During the XXVth International Congress of Entomology in Orlando, Florida (Sept. 25-30, 2016), the largest gathering of its kind ever held, scientists met in a special symposium to find answers to the problem of invasive scarab beetles, damaging species that are spreading around the globe. The meeting was timely, with reports of a new, highly damaging biotype of the coconut rhinoceros beetle recently established in a number of Pacific Islands, including Hawaii, and reports of the ornamental and turf damaging Japanese beetle established for the first time on the European continent in Italy. The scientists were concerned that increasing international transport and new races of pests are challenging our quarantine systems and will result in severe and ongoing damage once they break through.
A new biotype of the coconut rhinoceros beetle poses a special threat. The pest has invaded Guam, where entomologist Dr. Aubrey Moore predicts that if effective control measures cannot be found more than 50 percent of the palms on the island will be killed by the pest. The damaging beetle was found to belong to a new biotype by AgResearch New Zealand scientist Dr. Sean Marshall and has since been found causing heavy damage on a number of other Pacific Islands. The beetle has established a beachhead in Hawaii where Project Operations Manager Dr. Darcy Oishi is running a multi-million dollar program to contain and eradicate the pest.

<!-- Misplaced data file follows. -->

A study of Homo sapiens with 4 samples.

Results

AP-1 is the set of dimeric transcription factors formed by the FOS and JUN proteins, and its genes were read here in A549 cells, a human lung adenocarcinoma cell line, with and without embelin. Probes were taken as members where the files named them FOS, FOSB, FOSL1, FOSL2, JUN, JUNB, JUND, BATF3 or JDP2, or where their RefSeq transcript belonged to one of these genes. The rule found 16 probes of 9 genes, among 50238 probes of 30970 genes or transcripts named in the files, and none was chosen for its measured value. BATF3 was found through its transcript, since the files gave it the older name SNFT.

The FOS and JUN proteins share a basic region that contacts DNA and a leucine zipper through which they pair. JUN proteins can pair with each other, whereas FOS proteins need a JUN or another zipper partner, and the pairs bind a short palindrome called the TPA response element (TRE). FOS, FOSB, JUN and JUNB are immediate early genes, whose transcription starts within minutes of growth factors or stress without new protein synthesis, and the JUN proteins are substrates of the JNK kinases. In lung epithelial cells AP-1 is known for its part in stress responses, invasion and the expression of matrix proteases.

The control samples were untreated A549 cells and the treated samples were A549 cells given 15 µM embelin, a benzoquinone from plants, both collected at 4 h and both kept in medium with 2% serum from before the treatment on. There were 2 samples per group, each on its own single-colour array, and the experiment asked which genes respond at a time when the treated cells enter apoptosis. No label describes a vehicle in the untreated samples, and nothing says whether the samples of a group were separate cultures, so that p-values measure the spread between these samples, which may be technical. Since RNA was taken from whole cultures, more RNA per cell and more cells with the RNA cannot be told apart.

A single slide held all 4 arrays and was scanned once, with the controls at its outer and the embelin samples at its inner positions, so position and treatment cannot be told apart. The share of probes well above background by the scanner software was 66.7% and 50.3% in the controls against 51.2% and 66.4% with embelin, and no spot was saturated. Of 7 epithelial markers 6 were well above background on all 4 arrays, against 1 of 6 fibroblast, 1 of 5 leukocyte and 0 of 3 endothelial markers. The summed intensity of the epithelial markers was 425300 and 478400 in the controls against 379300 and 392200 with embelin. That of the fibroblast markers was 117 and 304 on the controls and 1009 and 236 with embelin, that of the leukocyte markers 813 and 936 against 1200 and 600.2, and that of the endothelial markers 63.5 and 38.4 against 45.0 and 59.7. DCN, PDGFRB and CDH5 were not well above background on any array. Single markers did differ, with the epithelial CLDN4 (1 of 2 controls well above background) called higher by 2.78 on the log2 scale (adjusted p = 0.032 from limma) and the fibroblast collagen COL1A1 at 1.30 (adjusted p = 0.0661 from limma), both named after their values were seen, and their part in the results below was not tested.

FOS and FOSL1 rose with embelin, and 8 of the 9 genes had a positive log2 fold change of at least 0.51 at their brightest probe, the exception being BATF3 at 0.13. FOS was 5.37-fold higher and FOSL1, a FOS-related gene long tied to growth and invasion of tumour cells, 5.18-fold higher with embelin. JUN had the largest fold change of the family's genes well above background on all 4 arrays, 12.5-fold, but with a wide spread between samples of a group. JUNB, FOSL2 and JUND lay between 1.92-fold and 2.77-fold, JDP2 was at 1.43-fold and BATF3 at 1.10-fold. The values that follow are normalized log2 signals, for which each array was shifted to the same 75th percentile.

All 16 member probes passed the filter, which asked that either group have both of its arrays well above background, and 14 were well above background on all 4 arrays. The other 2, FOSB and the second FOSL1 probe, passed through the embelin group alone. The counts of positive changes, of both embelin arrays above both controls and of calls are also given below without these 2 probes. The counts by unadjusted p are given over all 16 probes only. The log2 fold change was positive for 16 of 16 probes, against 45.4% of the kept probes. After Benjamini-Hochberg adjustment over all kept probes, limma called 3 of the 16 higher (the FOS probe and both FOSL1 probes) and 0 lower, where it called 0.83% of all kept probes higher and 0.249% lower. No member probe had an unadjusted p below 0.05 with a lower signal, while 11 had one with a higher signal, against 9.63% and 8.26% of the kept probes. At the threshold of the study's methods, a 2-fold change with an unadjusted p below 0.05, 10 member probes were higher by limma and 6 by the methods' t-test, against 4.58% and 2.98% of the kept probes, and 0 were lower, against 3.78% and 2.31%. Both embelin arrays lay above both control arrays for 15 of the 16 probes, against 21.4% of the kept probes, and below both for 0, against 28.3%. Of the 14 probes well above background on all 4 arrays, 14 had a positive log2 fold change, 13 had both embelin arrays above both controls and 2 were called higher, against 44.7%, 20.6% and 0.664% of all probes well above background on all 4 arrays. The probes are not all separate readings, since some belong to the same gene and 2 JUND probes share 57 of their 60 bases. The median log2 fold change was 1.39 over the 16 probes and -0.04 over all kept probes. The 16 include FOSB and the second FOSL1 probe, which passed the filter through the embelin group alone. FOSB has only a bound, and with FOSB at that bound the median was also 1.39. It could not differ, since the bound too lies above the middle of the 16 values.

Representative of the Pacific Community, Dr. Maclean Vaqalo, said the real threat is to the small countries and atolls of the Pacific where the coconut tree is the “tree of life,” providing essential food and shelter to the people. If nothing is done to help the small island states in the Pacific to contain the pest it will simply re-invade the cleared areas and may even reach the American continents.
A special meeting was called by Phil Andreozzi of the U.S. Department of Agriculture, Animal and Plant Health Inspection Service to take advantage of the presence of the assembled scientists to develop a plan to address the problem of the coconut rhinoceros beetle in the Pacific. The expert team began work on an operational framework and established working groups to increase awareness of the problem, plan emergency responses, enhance biosecurity, and look for long-term biological solutions. Participants were pleased with the meeting and the opportunity offered by ICE to start to address the problem in a coordinated fashion to overcome this severe threat as soon as possible.
Guam was represented at the meeting by University of Guam entomologists Dr. Aubrey Moore and Dr. Ross Miller.